27 Aug 2013
When New Zealand Opera’s season of Wagner’s The Flying Dutchman opens next month, some of the biggest and best voices in the business will be on stage.
Aidan Lang, General Director of NZ Opera, says Wagner’s magnificent music requires singers who possess vocal power and stamina as well as acting prowess. “And we feel confident we have achieved this with our international cast,” he says. “The leading principals – Welsh baritone Jason Howard (The Dutchman), New Zealand bass Paul Whelan (Daland), and Irish soprano Orla Boylan (Senta) – have all received the highest accolades for their previous Wagnerian roles, while English tenor Peter Auty (an intense and superbly sung Turiddu in 2011’s Cavalleria rusticana) makes his Wagnerian debut as Erik. In smaller roles, but also taking to the stage with all the right credentials are New Zealanders Shaun Dixon (tenor, The Steersman) and Wendy Doyle (mezzo soprano, Mary).”
This new production of The Flying Dutchman is New Zealand’s first fully staged Wagner opera in over 20 years. It is also a production of bold proportions, created by award-winning Director Matt Lutton and Designer Zoe Atkinson, two highly imaginative and creative Australians of the same generation as Wagner when he wrote the opera, aged just 28.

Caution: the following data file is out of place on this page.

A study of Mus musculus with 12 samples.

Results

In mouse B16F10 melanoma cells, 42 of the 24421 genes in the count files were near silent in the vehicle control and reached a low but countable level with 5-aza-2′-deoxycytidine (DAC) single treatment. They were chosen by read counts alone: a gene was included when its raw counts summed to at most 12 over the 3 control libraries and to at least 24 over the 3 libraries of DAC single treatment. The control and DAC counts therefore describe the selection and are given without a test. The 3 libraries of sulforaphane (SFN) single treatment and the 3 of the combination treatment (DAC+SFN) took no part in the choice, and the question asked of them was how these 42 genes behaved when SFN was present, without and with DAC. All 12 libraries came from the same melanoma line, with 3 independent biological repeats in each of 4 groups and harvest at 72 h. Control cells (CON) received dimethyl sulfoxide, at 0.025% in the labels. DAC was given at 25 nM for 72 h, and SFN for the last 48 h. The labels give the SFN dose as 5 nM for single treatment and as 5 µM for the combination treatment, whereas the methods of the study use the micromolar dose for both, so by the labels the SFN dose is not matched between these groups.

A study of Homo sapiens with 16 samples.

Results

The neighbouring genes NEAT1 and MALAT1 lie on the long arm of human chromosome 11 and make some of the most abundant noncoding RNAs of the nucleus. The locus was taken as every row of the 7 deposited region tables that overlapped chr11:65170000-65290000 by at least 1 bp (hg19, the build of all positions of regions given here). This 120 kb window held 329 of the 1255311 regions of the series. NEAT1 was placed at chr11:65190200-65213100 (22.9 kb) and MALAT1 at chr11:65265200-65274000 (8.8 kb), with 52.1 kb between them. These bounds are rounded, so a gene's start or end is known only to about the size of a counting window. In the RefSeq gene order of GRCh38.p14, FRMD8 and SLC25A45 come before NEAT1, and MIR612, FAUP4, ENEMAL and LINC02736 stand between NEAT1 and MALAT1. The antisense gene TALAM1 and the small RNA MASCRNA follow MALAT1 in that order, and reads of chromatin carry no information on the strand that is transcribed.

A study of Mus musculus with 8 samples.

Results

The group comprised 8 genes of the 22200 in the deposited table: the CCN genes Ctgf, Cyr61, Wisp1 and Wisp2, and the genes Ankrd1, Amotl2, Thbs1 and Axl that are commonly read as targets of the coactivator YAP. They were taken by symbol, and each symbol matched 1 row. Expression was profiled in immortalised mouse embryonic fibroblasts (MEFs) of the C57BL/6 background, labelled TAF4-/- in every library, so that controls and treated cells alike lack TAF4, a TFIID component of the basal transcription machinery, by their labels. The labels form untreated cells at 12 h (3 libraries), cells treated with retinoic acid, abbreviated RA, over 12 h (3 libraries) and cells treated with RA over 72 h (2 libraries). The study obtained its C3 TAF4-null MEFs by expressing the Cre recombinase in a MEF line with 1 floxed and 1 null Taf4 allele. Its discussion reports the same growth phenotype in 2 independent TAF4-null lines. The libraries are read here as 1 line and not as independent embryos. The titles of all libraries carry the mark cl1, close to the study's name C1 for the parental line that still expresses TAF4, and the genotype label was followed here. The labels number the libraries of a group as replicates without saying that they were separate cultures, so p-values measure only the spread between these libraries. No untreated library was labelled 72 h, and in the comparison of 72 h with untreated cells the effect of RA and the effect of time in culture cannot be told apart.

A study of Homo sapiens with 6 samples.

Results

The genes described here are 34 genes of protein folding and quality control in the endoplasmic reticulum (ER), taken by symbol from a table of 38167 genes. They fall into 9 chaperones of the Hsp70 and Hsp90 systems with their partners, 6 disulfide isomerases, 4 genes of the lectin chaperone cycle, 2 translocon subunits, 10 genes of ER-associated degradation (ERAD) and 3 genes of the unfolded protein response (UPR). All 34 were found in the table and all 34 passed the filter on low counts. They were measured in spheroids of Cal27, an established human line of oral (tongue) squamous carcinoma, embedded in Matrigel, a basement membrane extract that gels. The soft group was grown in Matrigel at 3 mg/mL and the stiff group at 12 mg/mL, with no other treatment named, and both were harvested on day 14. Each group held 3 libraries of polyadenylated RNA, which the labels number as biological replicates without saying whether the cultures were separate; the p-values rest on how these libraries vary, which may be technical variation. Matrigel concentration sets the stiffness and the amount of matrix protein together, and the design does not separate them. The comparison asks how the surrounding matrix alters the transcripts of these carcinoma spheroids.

In later years Wagner referred to opera as ‘Gesamtkunstwerk’, or ‘total work of art’, the synthesis of the poetic, visual, musical and dramatic arts. “Although The Flying Dutchman is an early example of Wagner’s work,” Lang says, “it contains a glorious fusion of all these art forms.
“And if you’ve never experienced Wagner before and are curious to, this opera will likely hook you forever,” he adds.
Featuring the Chapman Tripp Opera Chorus, with the New Zealand Symphony Orchestra in Wellington, and the Auckland Philharmonia in Auckland, The Flying Dutchman is a co-production between New Zealand Opera and Opera Queensland. It is sung in German with English surtitles.
For more information visit www.nzopera.com
PHOTO CAPTION: The hero (The Dutchman – Jason Howard) is the Heathcliff of opera, a storm-beaten piece of rough; and the girl who falls for him (Senta – Orla Boylan) does so with a soaring, scorching passion of the kind only opera can supply. Photo by Feargal Phillips.